There has been a lot of discussion about the Thunder filling out the roster with a legitimate big man. Most of the talk has focused on Toronto’s soon-to-be free agent, Chris Bosh. But, considering there are six teams with more than max money that will be targeting him (most located in HUGE markets) and the Thunder will probably be about $4MM shy of being able to compete with the market, let’s assume he’s out of the question.
The other guy often mentioned as a possible target is New York’s “center” David Lee. His offensive stats are inflated by the system Knicks’ coach Mike D’Antoni implements and some people call him Avid Lee because he plays no defense. Of course, even if those things weren’t true, had Thunder GM Sam Presti been interested in signing Lee, the time to do it would have been last Summer. At that time, with the Knicks clinging to a strategy that precluded them from signing anyone to a contract greater than one season, Presti could have poached Lee at a bargain. Given that he passed then, I assume he isn’t going to offer him the exorbitant contract Lee will command this Summer. Remember, with half a dozen teams looking to sign marquee players and a likelihood that LeBron James and Dwyane Wade re-sign with their current teams, that means second tier superstars will be offered first tier money by franchises who don’t want to be shutout after selling their fanbases on the idea that current mediocrity would pay off in the Summer of 2010. It would be completely against Presti’s nature to pass on a player when he could be had cheaply and then go after him in a bidding war.
So, who does that leave? Well, just the greatest active big man…The Big Shaqtus, Shaq Diesel, Superman (co-opted by Dwight Howard), The Big Aristotle, Shaq Daddy, Shaq Fu, and as his momma calls him (at least on the birth certificate), Shaquille O’Neal.
Somehow forgotten because of the young talent that will flood the market in about three months, Shaq also has an expiring contract. That means he will have the freedom to sign with whomever he wants, and due to his declining state, there is no way he commands the $20MM a year he’s making currently.
Sure, Shaq is not the dominant force he was when he was carrying the Lakers to back-to-back-to-back championships and forcing the rest of the league to overspend on bulky seven footers just so they’d have an additional six fouls to use when they played L.A. He has put a lot of mileage on his body since entering the NBA in 1992, and taken a ton of hard fouls. These days, he’s still a starter caliber player, but he can only play about half the game.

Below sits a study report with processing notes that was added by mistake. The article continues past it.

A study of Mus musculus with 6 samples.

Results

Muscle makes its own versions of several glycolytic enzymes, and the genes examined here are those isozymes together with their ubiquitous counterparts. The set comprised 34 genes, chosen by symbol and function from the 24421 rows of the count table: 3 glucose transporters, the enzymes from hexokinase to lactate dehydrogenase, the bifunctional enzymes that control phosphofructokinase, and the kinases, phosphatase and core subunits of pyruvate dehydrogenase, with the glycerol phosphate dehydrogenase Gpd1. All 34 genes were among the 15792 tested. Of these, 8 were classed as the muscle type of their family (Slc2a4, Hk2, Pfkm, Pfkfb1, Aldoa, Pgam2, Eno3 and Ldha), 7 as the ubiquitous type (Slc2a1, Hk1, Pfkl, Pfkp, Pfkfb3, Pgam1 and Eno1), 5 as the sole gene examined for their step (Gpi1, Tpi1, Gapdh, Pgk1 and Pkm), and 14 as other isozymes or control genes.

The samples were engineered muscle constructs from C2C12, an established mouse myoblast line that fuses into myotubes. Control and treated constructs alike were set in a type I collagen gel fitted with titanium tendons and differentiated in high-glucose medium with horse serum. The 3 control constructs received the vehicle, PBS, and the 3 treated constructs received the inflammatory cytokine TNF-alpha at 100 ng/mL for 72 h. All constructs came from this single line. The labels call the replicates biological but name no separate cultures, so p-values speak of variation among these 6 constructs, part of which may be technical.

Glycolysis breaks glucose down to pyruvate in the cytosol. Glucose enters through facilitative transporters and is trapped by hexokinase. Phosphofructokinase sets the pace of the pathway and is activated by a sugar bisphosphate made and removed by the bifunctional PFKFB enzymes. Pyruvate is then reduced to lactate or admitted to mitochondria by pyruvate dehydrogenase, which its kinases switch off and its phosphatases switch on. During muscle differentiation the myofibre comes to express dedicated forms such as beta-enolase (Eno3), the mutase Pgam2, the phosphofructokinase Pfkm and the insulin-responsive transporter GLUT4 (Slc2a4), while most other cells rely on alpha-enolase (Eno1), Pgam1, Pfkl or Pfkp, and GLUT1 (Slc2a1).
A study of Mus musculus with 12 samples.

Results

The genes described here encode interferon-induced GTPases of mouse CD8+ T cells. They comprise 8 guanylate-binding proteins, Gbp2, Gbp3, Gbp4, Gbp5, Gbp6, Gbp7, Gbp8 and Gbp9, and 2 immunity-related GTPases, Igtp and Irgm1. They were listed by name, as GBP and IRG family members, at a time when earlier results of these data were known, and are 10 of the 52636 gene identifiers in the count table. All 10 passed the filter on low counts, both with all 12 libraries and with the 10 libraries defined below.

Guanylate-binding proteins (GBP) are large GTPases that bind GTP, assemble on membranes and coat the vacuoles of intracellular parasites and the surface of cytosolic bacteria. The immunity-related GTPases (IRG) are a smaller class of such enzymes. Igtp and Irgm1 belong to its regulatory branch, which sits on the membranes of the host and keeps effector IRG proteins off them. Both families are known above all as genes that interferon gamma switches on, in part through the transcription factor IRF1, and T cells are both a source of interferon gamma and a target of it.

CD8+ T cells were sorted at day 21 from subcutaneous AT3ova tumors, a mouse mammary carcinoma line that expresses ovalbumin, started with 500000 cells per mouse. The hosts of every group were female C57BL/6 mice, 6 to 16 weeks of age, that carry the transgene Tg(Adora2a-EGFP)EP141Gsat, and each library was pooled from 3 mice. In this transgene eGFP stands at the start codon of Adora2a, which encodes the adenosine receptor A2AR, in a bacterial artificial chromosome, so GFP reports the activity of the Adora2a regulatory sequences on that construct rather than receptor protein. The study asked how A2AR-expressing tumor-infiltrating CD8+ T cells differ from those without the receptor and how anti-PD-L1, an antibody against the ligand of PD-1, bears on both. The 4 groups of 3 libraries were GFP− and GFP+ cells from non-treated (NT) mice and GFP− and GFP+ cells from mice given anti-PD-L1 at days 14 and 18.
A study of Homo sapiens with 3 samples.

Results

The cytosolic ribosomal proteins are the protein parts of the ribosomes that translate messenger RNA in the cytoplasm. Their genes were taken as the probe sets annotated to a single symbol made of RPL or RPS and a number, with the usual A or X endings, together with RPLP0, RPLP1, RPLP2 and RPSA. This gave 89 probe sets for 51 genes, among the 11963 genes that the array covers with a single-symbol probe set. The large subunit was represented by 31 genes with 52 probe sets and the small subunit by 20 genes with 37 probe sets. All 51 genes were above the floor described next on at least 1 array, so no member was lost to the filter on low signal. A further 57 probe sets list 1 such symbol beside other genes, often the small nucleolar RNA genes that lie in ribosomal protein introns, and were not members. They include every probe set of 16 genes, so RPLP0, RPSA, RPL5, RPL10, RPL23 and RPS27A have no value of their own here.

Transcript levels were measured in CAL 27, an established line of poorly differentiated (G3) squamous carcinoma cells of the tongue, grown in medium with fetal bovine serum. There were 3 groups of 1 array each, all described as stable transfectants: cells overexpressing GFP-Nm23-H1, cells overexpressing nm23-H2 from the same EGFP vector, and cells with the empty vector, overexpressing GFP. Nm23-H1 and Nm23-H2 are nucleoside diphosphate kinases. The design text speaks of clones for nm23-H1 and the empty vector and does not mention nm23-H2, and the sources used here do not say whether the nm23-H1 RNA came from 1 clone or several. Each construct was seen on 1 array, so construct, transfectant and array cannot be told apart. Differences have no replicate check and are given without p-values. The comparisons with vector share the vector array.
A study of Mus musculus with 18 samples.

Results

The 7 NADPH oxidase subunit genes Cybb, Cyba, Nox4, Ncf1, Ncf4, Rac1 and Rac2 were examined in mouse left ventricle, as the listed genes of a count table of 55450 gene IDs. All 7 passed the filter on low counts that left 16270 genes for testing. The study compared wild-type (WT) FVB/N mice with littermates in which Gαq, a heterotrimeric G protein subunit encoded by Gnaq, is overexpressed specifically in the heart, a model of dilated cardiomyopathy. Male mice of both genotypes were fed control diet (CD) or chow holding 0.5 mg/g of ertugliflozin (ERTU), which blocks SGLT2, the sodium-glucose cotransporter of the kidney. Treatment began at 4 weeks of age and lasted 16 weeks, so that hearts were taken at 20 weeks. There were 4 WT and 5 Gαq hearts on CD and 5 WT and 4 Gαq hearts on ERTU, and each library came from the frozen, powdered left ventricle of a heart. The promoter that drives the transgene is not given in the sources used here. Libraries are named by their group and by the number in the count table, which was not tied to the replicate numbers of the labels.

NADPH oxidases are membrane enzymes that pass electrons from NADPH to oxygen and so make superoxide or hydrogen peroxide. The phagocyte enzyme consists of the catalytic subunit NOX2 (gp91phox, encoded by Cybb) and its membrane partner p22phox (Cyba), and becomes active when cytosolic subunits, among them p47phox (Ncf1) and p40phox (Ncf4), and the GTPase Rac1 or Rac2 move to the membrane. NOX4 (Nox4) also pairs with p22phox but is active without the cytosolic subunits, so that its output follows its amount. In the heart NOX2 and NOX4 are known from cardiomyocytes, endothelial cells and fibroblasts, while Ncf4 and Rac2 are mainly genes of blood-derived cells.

He has, however, indicated he wants to play two more seasons after the one currently going on. He is still 7’1″ and built like a bull. He still makes 57% of his shots from the floor. He still rebounds at about the same rate he has his entire career (to the point where opposing players basically concede when a shot comes off in his direction). He still averages more than a block a game and still finds the open man coming out of a double team.
All of those attributes sound like qualities a team like Oklahoma City could benefit from having on the floor. Factor in that he also possesses world class charisma, a championship pedigree, plus a newfound willingness to play the part of sidekick, and Shaq sounds like the perfect piece to complete this young Thunder team.
The question then becomes, can Oklahoma City sign him? Obviously, he is going to take a paycut whatever he decides to do. Only Cleveland can offer him a contract that comes close to matching what he currently makes (thanks to possession of his “Bird Rights”), but even they would demand he takes much less to return. That means money will probably be only a small part of what it takes to woo the Shaqtus.
At this stage in his career, O’Neal’s primary focus will be on winning another championship–even if he wins with Cleveland this year. He wants to be remembered as the greatest center to ever play the game and he knows that ring count is going to be the most important statistic he can build up. While he cannot come close to matching Bill Russell’s sixteen banners won, one thing he can take as an advantage is that he has basically turned every team he’s played on into a contender. He played in the Finals with Orlando, won three times (and lost once) with the Lakers, won a title with Miami, and could possibly get another with Cleveland in June.
Getting him to play with the Thunder would mean convincing him that he would put the team over the top from a “team on the rise” to a team that could take it all. Miami did that by pairing him with Dwyane Wade, and Shaq has been clear that he’s just in Cleveland to help LeBron get his first. Considering how much this has appealed to him, being able to assist Kevin Durant should be an attractive selling point.
So, Shaq, come to Oklahoma City. Think about how much of a bow it would put on your resume to say you helped propel the smallest market in the league to a championship (or two) in the twilight of your career. With you commanding double teams in the post, that would free up our already outstanding perimeter players for more open shots, and with your rebounding and lane presence our good defense would become great. In addition, you could help mentor our budding young post players, like Serge Ibaka, assisting him in assuming your role as the most dominant big man in the league when you walk into the sunset.
And if it helps, we can offer you as much money as anyone else.